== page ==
Knapp, Miami Foil Ohio State’s Rally

— No. 2 Miami survived a gritty third period from Ohio State as the RedHawks defeated the Buckeyes 2-1 in the third and deciding game of the CCHA quarterfinals.

Miami will meet Michigan Friday in Joe Louis Arena in the CCHA semifinals.

“We know them very well,” Miami coach Enrico Blasi said of Michigan. “Michigan is Michigan. They are going to come after you and you better be ready.”

“Michigan is a big rivalry,” RedHawks goalie Connor Knapp said. “It won’t take much to get up for that game.”

Knapp stopped all but one of the 23 shots he faced. Knapp last played 15 days ago in Columbus when he posted a 65-minute shutout against Ohio State. Buckeyes’ goalie Dustin Carlson had 22 saves on 24 shots.

Both teams were locked into a dump-and-chase game in the first period with Miami outshooting Ohio State 9-2. Ohio State did not get its second shot until more than 18 minutes into the first period. Miami had a chance to take the 1-0 lead 10:40 into the first as the puck was knocked into the net, but the officials blew their whistles to stop play, apparently thinking Carlson had possession of the puck.

Miami controlled play for the first 12 minutes of the second period. The RedHawks gained a 1-0 lead 9:15 into the second when Cameron Schilling’s slap shot from the right point beat Carlson’s glove. The goal was Schilling’s third of the season. Miami had a pair of shots go off the pipe in the second period.

After starting the game being outshot 17-4, Ohio State gained some momentum late in the second period. Shots on goal in the second were tied at 10.

“We did a real good job of [limiting Ohio State's scoring chances], especially in the first and second [periods] because in a deciding game, you don’t want to be playing from behind,” Blasi said. “Once we got that first goal, it was huge for us.”

“It was a game of cat and mouse,” Ohio State coach John Markell said. “We knew they were going to come out here and push. We didn’t have stellar opportunities [early], but we figured the longer it would go being tight and we live through it, we would give ourselves a chance.”

Ohio State carried the momentum with a number of opportunities. Its best came five minutes into the third when John Albert had a shot go off Knapp’s pad and land on Buckeyes forward Hunter Bishop’s stick. Bishop wasn’t able to get his shot over Knapp’s glove.

“We talked about it in the locker room: We had them where we wanted them,” Albert said, “on the road against the No. 2 team in the country. We came fired up in the third period and we had it going for a bit but we came up short.”

Miami took a 2-0 lead at 10:15 of the third when Alden Hirschfeld beat Carlson low stick side.

“Obviously, it was a huge goal at a good time to score only being up one goal,” Hirschfeld said. “It shouldn’t change how we play regardless whether we’re up one or two. We needed to stay focus.”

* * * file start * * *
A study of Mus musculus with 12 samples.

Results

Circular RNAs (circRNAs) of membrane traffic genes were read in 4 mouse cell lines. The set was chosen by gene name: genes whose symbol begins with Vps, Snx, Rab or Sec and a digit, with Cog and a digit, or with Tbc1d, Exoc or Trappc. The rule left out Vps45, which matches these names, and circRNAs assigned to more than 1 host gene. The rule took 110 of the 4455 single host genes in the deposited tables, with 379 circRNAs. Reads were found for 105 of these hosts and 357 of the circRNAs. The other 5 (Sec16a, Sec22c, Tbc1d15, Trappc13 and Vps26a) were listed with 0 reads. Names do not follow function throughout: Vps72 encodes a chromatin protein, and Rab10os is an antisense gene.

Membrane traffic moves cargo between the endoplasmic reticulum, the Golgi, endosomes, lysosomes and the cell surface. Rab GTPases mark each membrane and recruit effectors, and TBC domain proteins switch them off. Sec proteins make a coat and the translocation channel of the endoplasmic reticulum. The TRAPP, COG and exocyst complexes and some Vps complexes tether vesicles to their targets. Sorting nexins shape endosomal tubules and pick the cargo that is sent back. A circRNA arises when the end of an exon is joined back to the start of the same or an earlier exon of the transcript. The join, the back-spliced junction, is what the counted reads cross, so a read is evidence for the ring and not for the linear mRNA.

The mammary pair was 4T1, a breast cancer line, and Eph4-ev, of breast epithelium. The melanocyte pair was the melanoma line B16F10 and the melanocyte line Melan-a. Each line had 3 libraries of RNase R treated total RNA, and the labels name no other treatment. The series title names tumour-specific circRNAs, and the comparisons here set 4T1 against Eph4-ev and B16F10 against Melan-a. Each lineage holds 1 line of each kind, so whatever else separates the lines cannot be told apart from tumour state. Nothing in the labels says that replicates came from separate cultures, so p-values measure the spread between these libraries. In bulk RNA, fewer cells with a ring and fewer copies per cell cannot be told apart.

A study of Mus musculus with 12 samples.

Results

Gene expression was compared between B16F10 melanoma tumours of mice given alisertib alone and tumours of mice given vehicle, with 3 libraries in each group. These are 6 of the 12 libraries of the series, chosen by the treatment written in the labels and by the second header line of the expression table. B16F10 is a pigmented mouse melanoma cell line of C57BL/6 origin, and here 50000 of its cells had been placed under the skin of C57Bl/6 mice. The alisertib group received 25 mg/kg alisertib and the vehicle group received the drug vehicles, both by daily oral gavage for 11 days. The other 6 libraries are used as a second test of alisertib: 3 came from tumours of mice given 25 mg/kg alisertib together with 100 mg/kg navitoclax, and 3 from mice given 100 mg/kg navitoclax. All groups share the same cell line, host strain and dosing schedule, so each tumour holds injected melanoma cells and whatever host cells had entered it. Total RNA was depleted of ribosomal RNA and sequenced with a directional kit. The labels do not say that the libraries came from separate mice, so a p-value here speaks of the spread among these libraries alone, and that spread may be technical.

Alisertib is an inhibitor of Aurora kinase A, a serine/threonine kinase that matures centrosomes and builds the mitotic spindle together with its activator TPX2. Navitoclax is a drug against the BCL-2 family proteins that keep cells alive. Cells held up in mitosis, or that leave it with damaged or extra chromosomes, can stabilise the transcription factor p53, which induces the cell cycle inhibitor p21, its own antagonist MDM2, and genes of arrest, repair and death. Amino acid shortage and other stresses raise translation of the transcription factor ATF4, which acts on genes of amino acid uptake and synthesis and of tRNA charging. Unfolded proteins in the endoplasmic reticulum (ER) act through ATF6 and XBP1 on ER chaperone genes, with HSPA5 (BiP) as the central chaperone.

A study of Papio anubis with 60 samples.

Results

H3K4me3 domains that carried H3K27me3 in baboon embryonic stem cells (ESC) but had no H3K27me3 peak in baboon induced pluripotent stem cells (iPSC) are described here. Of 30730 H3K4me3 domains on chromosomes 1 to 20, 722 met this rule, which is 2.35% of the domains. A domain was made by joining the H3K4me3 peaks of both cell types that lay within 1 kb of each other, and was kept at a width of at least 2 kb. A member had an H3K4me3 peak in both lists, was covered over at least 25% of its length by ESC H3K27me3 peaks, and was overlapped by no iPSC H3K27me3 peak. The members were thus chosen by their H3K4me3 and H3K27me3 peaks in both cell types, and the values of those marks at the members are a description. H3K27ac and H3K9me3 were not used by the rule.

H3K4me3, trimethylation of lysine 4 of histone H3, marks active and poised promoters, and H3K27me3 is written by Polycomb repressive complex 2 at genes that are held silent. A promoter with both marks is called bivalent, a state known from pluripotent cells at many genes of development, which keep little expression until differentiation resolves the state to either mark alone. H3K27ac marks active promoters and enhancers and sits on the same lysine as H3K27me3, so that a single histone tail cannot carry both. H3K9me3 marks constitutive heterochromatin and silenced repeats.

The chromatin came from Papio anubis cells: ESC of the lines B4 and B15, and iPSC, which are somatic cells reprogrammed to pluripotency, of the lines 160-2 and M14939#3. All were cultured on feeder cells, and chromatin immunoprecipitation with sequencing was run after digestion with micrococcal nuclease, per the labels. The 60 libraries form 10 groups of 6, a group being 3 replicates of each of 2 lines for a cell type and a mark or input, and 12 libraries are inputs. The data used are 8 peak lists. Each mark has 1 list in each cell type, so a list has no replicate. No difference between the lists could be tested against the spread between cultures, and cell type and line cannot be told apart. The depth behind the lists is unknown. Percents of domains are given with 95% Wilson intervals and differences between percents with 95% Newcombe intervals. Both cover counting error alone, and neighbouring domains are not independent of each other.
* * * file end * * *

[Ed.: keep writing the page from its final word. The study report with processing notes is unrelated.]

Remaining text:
Ohio State got its first power play of the game at 13:26 of the third when Patrick Schafer took a cross check from Will Weber. Ohio State needed just 54 seconds of the power play as C.J. Severyn netted a shot after receiving a nice cross-crease pass from Albert to cut the RedHawks’ lead to 2-1.

Ohio State’s leading scorer Zac Dalpe found himself with a golden opportunity in the third as all heck broke loose in front of the net. His desperation shot in the final seconds of the game was deflected by the stick of Knapp.

“It was a fun atmosphere, obviously,” Blasi said of the third period. “Nerve-racking for the coaches because we have no say in it. But I thought [the Buckeyes] threw everything at us. We blocked some shots. They missed the net. It what was you wanted.”

Ohio State gained a power play on an elbow from Matt Tomassoni on Albert when there was 1:33 remaining in the game. The man advantage was wiped out 22 seconds later when Kyle Reed committed an interference penalty.

The Buckeyes’ intensity showed in the shot totals — they outshot the RedHawks 11-5 in the third.

“Their season was on the line and we knew they were going to come out hard,” Knapp said. “We had to match their intensity and stay with our game plan and execute it.”

“It also mattered that [the RedHawks] were protecting the lead,” Markell said about the third period. “It is a fine line. … They take a penalty and we get a goal.”

With the end of the season for Ohio State, Markell’s contract is up for renewal. With only one NCAA tournament appearance in the last five years, there are questions on whether he will be back behind Ohio State’s bench.

“We’ll see what happens. Now it is the end of the season and that is when typically they talk to coaches and I am no different than any other of the 36 [Ohio State] coaches,” Markell said. “All of the other coaches have to wait until the end of their season.”